Questioning The Future Of TikTok

By Julie Prisco
In 2016, the insanely popular app TikTok launched. Users started out posting 15 second videos dancing to popular songs and funny skits. The app’s ability to curate a feed specific to an individual user’s interests, humor and song preferences led TikTok to quickly gain traction and become one of the most popular social media platforms in the world.
What started out as a video sharing app quickly became so much more. Now, not only can users post videos as long as 10 minutes and photo slideshows, the content available has increased in quality and diversity. TikTok users share more than trending dances and comedy skits, now some users visit the app as a source for easy recipes, style tips, movie and show recommendations and reviews. In addition, the app has become a marketing tool for large businesses to spread information on their company and for small businesses to promote themselves.
While the app is wildly popular amongst children, teens and adults, the U.S. has raised questions about the app’s security. In mid-March, the House of Representatives overwhelmingly passed a measure that gives ByteDance (the Chinese internet company that developed TikTok) a choice to sell within six months or lose access to the app stores and web-hosting services in the U.S.
Lawmakers have tried to regulate the app due to its ties to China. In 2020, Former President Donald Trump publicly attacked TikTok, threatening to ban it from the U.S. on the grounds that the Chinese Communist Party could use data gathered on its users to spy on U.S. citizens. U.S. Senators have questioned the safety of children using the app. In the U.S. TikTok users under the age of 13 have a limited experience with additional safety features.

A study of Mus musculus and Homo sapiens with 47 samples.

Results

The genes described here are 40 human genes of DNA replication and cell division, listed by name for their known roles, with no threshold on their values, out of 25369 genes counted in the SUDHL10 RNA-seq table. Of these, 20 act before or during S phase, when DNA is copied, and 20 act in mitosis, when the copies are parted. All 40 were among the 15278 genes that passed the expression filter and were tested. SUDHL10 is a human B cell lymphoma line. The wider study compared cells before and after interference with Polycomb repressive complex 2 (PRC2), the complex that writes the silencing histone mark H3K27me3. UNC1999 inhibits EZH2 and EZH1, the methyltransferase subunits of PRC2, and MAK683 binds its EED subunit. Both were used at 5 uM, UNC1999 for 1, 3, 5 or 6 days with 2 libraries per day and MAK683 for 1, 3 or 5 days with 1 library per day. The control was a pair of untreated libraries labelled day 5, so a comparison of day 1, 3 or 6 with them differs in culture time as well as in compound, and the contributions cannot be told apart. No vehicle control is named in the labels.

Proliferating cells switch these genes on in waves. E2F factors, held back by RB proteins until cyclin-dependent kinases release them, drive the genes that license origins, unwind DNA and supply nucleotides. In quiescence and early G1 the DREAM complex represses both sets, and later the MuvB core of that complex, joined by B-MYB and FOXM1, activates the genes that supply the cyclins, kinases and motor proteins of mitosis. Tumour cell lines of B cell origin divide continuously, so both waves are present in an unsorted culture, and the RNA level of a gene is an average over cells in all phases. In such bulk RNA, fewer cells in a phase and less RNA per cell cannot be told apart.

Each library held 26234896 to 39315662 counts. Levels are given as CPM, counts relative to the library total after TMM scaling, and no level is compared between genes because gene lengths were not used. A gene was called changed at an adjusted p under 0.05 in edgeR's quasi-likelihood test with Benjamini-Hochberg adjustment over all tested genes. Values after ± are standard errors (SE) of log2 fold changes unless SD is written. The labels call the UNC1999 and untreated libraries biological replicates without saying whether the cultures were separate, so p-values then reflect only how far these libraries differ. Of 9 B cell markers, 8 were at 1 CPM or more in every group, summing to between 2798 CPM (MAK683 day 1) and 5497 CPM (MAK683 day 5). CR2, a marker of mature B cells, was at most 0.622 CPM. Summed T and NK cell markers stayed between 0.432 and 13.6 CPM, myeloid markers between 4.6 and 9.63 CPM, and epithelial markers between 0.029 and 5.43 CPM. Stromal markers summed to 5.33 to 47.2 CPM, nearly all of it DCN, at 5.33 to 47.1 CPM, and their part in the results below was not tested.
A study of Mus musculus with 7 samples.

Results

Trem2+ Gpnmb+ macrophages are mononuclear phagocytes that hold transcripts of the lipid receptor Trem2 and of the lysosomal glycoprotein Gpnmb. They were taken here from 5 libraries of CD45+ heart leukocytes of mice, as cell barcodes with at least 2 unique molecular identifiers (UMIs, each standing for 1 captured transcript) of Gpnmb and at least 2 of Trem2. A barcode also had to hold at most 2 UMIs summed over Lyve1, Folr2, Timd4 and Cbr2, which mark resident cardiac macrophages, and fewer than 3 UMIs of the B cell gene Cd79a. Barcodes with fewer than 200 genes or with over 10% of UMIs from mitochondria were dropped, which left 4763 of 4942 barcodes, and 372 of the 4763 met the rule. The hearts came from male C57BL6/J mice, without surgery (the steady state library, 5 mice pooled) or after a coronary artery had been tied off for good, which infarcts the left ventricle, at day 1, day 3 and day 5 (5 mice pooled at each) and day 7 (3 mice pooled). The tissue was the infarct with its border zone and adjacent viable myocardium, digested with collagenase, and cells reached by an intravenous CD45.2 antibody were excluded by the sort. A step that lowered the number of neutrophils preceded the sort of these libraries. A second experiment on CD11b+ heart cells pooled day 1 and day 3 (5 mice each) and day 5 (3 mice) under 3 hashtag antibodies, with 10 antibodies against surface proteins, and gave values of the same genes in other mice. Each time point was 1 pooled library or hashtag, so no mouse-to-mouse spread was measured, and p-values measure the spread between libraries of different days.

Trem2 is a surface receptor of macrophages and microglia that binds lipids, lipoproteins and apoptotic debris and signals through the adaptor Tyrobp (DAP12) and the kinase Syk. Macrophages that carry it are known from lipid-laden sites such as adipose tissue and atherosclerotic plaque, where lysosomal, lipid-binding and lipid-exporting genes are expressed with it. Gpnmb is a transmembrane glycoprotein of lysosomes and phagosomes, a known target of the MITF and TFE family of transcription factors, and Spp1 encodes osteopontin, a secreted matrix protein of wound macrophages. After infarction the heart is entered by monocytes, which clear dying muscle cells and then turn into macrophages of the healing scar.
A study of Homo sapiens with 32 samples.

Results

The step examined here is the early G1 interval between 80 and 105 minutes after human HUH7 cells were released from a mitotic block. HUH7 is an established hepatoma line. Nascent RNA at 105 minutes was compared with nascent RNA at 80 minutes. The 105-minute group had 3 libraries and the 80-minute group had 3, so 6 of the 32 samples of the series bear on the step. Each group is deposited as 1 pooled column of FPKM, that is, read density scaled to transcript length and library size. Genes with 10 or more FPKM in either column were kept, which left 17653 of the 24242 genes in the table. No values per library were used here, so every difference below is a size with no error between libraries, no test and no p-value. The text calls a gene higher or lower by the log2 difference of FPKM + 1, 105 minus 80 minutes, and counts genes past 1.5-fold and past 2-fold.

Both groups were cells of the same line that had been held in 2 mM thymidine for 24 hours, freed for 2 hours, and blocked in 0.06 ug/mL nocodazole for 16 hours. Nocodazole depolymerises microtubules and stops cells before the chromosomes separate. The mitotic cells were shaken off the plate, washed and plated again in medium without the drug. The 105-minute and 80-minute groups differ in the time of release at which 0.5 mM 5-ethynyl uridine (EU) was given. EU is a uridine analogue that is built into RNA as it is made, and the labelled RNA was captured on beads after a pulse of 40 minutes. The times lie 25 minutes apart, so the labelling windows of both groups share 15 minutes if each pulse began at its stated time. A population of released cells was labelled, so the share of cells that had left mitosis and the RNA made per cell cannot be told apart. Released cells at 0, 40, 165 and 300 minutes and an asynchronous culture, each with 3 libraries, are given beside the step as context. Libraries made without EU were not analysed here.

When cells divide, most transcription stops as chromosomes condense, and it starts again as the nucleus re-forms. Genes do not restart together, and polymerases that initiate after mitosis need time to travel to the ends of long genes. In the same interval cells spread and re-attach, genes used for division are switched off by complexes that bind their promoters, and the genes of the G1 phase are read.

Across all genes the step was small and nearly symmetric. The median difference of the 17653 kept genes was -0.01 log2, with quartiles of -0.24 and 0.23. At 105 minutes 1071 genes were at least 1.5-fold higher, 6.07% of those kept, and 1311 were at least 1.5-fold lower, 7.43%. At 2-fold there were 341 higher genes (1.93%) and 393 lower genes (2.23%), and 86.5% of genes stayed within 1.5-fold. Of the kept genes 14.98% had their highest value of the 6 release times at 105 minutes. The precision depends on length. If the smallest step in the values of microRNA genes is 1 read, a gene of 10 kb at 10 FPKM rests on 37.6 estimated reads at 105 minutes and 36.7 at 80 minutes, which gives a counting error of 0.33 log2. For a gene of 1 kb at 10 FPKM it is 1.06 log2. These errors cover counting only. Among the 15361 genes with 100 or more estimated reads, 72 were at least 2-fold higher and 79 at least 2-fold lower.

With the app under scrutiny again, lawmakers are again arguing that the app threatens national security because the Chinese government could use TikTok to spy on Americans or weaponize it to influence the U.S. public by amplifying or suppressing certain content.
Popular TikTokers and TikTok enjoyers across the U.S. are worried about the future of their favorite app and entertainment source being taken away from them or sold to a new company that will make too many changes to the app.
As an avid TikTok fan myself, I share worries about TikTok’s future. Many people see TikTok as a distraction and waste of time. But for the majority of TikTok’s users, the app is a way to decompress after a long day with a couple of laughs. I can go on TikTok after the work day and scroll for twenty minutes and be in a completely different head space; away from the stress of the day and ready to get back into the things I enjoy in my free time.
Losing access to the TikTok users’ and fans’ love not only means losing a source of entertainment, it is losing an online community. Since TikTok curates the users’ feed based on previously watched videos, what a user is linking and commenting on and actively searching up, it’s easy to find a community of others that enjoy the same jokes, pop culture, entertainment and more.
Fans of popular TV shows can find other super fans and share videos about their favorite characters. Avid video game players can find others to learn tips and tricks from. Aspiring chefs learn different cooking methods and recipes. Students can find videos sharing studying resources. College graduates can find videos on résumé design and interview skills.
Personally, I have found a community of book lovers. I follow accounts that read the same books I do and post videos about their favorite scenes, plot theories or share other media similar to the books I can’t get enough of.
As a TikTok user, I hope the app can be bought by a company that will respect the app. As cliche as it might sound, don’t fix something that isn’t broken.